Wednesday 2 January 2013

62% of dead cyclists blamed for their death in 2012.

The new years started and with much enthusiasm I looked forward to the Rad Jahr 2013. My optimism did not last too long (2 days) until frustration drowns it out.

"Jedoch ist die Zahl der getöteten Radfahrer gegenüber den Vorjahreszahlen von 42 auf 50 gestiegen, wobei 31 Personen durch eigenes Verschulden ihr Leben lassen mussten."


The release of the traffic safety statistics for 2012 blames 62% of dead cyclists for their death in 2012. 
The clear conclusion from this is that the majority of cyclists have a significant responsibility for their safety and they are not understanding or taking this responsibility seriously. This will no doubt lead to various political calls to clamp down on cyclist behavior.

Now please understand that without true understanding of the circumstances my opinions here are only my thoughts on the subject. A death is not something that should be used for political gain however my political gain is to try an prevent more injuries in the future so please forgive me.

Dead people can not defend their actions and I have no access to the data and there is no information about its quality.  However seriously injured people can tell their side of the story, so it would be interesting to see if 62% of seriously injured cyclists blame themselves for the accident that caused their injury.  It would be even more interesting (potentially lifesaving) to investigate the true cause of the accidents to understand the reasons for the behaviors that lead up to the collisions.

Looking for publicly available data for Austria I can find out numbers and locations but causes are only looked at for motor cars.  This maybe because cars are the main source of accidents and they do the most damage due to their high numbers and the momentum discrepancy between 2 tones of metal at 50kmph and low speed pedestrian and cycling human bodies.

A proper look at the UK statistics  shows that cyclists in the UK are not normally the ones to blame when there is an accident.  This makes sense to me as I concentrate a lot more when I cycle than when I drive. 
Normally the more vulnerable a person is the less likely they are to take risks. Maybe they take risks or make mistakes if they are confused or if road design ignores their needs and causes unpredictable behavior due to inhomogeneous poor quality infrastructure?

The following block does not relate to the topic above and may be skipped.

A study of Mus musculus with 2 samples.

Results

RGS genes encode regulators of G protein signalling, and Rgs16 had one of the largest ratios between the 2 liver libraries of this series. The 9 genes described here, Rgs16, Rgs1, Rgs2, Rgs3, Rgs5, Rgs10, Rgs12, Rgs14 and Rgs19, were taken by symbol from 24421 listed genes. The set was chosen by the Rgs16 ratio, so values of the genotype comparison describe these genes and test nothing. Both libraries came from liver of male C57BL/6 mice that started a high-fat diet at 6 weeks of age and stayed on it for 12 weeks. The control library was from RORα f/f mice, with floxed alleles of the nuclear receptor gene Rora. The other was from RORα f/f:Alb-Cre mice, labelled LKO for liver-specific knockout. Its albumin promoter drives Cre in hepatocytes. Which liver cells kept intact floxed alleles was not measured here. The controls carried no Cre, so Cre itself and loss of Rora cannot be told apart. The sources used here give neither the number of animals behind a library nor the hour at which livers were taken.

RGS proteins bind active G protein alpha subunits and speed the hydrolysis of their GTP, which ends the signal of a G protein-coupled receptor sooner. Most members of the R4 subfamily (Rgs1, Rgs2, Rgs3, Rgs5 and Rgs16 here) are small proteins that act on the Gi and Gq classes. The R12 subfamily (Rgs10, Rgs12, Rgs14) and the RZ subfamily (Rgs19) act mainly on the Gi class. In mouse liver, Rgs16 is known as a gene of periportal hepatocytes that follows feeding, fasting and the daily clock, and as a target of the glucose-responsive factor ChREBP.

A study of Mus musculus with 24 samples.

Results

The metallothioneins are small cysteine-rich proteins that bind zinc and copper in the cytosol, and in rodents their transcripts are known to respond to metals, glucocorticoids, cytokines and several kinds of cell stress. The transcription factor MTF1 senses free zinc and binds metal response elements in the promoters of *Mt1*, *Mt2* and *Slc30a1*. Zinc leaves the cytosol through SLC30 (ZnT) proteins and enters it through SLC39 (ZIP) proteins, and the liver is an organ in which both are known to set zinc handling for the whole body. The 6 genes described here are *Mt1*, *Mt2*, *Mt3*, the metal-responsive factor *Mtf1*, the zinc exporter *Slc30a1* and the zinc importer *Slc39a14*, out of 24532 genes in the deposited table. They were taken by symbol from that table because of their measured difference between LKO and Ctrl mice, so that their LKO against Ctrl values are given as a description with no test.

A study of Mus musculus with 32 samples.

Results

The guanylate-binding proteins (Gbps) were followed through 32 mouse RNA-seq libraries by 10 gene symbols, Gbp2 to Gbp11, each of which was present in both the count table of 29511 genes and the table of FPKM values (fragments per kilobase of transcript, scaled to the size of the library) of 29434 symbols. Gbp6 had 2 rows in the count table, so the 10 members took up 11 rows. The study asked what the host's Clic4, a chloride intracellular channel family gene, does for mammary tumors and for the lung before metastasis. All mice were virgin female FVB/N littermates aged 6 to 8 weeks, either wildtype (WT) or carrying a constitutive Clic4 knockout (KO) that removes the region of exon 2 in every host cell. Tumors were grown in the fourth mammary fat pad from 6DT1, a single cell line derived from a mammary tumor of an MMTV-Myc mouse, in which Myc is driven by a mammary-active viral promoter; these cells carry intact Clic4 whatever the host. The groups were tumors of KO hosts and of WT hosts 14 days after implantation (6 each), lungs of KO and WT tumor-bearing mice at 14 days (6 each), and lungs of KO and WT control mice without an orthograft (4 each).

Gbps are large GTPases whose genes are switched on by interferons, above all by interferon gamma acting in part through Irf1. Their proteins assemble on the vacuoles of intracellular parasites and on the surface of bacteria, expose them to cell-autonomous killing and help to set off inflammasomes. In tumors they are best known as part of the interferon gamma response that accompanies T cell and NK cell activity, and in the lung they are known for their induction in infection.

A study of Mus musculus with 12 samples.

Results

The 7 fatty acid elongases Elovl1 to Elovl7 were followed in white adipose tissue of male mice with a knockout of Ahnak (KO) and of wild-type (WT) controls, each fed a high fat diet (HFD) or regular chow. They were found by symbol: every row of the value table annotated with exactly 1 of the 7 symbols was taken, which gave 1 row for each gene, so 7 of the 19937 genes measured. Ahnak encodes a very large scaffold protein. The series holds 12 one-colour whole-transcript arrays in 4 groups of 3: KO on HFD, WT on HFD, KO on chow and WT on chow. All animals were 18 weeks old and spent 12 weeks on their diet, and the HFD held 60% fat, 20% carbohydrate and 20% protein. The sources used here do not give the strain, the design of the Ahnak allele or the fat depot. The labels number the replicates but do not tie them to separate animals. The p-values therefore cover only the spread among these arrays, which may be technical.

Surly the 522 that died on Austria roads and their families are worth some intelligent consideration. Let see if the city of Vienna can turn Rad Jahr into the year where road design is looked at from a human perspective or if we will have a year of marketing from the left and cyclist blaming and bashing from the right, while journalists copy and paste the press releases of
car orientated road design organizations.


  1. The original press release does not pick out cyclists like Die Presse article does.

    On refection and discussion I suspect this is one Journalists rather unfair "interpretation" and some inaccuracy in the data collection that are the key problems here.

  2. "RadJahr 2013" is "only" a marketing strategy of Vienna. And I'm sure it was a good decision to do that.

    You wrote: "we will have a year of marketing from the left and cyclist blaming and bashing from the right, while journalists copy and paste the press releases of car orientated road design organizations."

    This is for sure what we will get. :( But on the other hand we also will get a higher quota in modal share.

    And that is why I think RadJahr 2013 was a good idea. We are living in a democracy. This means we'll get what most people want (what is fatal because of peer pressure). So we have to increase the modal share and then we will get the money to build the infrastructure. I know what you're thinking about that approach but that is how democracy works...

  3. Good points Peter_Alexander and I like your optimism.